It’s Oldman & Hardy, Not Laurel & Hardy

DATELINE:  Serial Killer in Soviet Union

Pictured: Oldman & Hardy

Oldman & Hardy


Child 44 is a brutal murder mystery. However, it is far more than the sum of its parts. It cost a pretty penny to make, extremely well-produced, but just who is the audience?

Banned in Russia, the film depicts an infamous serial killer of young boys in the Soviet Union in the early 1950s—and how several government military police investigate to undercover him. It is all the more difficult because Stalinist Russia does not recognize the concept of “murder in paradise.”

This is not entertainment in any traditional sense.

Tom Hardy continues to impress as the disgraced, but dedicated military hero. He works here with Noomi Rapace as his wife who is under suspicion as a British agent. They are hounded and forced to solve murders to save their skins.

Gary Oldman and Tom Hardy team up again, but the only fun is watching their nuanced performances in a disturbing story.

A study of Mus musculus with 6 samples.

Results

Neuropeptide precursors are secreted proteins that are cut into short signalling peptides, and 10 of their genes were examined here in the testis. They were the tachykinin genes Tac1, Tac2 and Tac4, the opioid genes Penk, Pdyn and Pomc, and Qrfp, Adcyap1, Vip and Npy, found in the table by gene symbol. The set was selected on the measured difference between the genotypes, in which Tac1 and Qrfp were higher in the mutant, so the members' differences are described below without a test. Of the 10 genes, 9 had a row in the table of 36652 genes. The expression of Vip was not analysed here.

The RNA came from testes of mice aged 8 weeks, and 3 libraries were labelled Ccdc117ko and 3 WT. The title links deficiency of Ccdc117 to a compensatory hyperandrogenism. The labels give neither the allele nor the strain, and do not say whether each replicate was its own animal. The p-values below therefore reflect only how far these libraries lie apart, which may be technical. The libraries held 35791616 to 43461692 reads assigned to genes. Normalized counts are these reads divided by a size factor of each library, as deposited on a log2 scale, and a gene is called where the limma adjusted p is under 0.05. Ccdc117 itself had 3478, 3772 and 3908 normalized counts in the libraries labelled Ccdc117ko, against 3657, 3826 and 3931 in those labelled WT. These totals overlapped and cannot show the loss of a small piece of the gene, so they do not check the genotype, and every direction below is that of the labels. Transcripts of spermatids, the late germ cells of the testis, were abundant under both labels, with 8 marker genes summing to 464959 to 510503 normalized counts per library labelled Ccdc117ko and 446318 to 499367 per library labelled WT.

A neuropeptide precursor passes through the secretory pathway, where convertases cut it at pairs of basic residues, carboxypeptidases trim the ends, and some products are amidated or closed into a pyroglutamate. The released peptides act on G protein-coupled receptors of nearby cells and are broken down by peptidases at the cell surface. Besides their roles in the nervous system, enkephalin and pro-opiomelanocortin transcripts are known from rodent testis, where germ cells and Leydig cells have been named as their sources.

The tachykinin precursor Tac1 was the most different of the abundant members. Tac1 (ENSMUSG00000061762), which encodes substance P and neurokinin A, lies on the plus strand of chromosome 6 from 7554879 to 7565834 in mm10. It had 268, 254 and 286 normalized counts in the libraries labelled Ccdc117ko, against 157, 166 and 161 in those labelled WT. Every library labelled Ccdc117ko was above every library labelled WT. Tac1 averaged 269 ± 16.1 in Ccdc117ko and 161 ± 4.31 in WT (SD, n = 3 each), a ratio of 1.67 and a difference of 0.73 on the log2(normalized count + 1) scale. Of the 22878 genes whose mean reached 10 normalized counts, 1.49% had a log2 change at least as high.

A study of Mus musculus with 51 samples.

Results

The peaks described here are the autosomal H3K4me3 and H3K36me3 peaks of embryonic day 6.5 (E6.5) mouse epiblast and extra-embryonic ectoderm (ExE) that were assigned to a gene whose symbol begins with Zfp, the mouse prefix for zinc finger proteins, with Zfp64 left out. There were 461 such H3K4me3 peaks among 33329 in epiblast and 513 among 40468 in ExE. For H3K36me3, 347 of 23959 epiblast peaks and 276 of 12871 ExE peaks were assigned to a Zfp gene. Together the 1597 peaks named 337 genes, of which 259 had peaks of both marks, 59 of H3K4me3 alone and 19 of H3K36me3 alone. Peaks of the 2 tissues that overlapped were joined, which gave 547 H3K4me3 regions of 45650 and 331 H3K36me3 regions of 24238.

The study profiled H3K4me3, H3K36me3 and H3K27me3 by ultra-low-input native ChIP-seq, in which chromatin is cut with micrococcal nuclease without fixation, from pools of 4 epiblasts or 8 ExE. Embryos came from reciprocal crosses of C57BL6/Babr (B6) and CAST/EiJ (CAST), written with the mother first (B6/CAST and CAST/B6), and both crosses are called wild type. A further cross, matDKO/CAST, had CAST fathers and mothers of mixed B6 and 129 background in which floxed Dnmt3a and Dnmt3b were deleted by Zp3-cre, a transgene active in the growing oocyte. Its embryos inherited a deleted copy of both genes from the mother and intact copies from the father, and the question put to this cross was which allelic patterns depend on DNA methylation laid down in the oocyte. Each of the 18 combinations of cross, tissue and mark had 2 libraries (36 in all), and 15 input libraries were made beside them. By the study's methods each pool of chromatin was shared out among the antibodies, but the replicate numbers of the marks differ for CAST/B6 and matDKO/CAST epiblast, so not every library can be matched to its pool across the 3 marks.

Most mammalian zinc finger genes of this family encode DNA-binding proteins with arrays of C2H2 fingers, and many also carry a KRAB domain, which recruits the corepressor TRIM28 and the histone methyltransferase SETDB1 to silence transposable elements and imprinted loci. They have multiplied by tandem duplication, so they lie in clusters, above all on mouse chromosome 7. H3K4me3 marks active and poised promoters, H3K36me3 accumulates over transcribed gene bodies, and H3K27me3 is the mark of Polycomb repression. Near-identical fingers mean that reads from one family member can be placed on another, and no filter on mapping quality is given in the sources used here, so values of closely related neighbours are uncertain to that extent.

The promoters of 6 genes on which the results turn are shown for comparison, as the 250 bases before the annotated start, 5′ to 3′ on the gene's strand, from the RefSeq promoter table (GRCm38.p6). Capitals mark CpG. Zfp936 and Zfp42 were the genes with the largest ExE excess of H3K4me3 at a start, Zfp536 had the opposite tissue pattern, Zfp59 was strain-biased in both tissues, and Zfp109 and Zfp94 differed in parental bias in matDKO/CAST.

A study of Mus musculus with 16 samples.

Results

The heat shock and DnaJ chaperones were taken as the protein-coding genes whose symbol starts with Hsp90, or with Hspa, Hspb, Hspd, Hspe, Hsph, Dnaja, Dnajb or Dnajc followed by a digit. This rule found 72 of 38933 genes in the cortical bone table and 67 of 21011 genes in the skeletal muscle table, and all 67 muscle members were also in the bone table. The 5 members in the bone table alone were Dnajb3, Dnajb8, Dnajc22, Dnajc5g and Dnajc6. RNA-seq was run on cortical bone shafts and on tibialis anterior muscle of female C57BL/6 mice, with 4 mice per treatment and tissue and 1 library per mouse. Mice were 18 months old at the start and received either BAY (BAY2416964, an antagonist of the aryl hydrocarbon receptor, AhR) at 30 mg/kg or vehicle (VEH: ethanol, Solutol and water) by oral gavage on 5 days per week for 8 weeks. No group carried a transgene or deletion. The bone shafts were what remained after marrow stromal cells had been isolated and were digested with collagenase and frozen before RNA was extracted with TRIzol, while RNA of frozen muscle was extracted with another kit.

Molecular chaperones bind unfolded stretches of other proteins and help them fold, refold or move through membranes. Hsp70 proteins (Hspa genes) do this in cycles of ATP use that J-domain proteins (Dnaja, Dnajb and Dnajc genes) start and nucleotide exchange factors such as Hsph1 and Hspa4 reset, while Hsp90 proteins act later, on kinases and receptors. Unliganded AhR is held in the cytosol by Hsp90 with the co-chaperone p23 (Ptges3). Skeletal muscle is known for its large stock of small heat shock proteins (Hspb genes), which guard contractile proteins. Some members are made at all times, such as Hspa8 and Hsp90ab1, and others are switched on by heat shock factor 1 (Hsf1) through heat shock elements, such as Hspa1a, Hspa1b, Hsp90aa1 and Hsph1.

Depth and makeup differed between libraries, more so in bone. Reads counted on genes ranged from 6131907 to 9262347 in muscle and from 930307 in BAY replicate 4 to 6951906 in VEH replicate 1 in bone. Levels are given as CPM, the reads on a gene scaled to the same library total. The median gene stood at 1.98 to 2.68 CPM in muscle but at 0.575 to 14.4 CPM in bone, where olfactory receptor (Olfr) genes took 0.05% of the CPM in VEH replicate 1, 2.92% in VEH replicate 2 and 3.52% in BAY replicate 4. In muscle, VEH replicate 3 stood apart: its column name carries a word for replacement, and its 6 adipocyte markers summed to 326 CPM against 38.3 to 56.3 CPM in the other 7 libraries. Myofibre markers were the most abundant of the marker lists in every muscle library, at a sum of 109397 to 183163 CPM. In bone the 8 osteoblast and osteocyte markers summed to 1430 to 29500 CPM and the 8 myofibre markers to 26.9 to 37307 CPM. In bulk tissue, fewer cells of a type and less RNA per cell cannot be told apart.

Director Daniel Espinosa does not paint a pretty picture. With its grey drab settings amid a depressing world of the Soviet regime, the film was banned in Putin’s Russia, though it probably deserves to be seen there.

What really transpires is a story of how a homicide bureau was finally established in Moscow.

Gary Oldman and Charles Dance are recognizable faces in the cast, but Philip Seymour Hoffman died before he could join them as one of the Soviet heads of the military.

If we recommend a movie like this, it is because it is striking in its utter dark vision. This is not a picture you want to view to escape dreary, rainy days.

Once again, a good film generally must have viewers who appreciate the message and the artfulness. As we progress into the 21st century of video games and shallow entertainment, intelligent and dark movies are an endangered species. This one joins the list.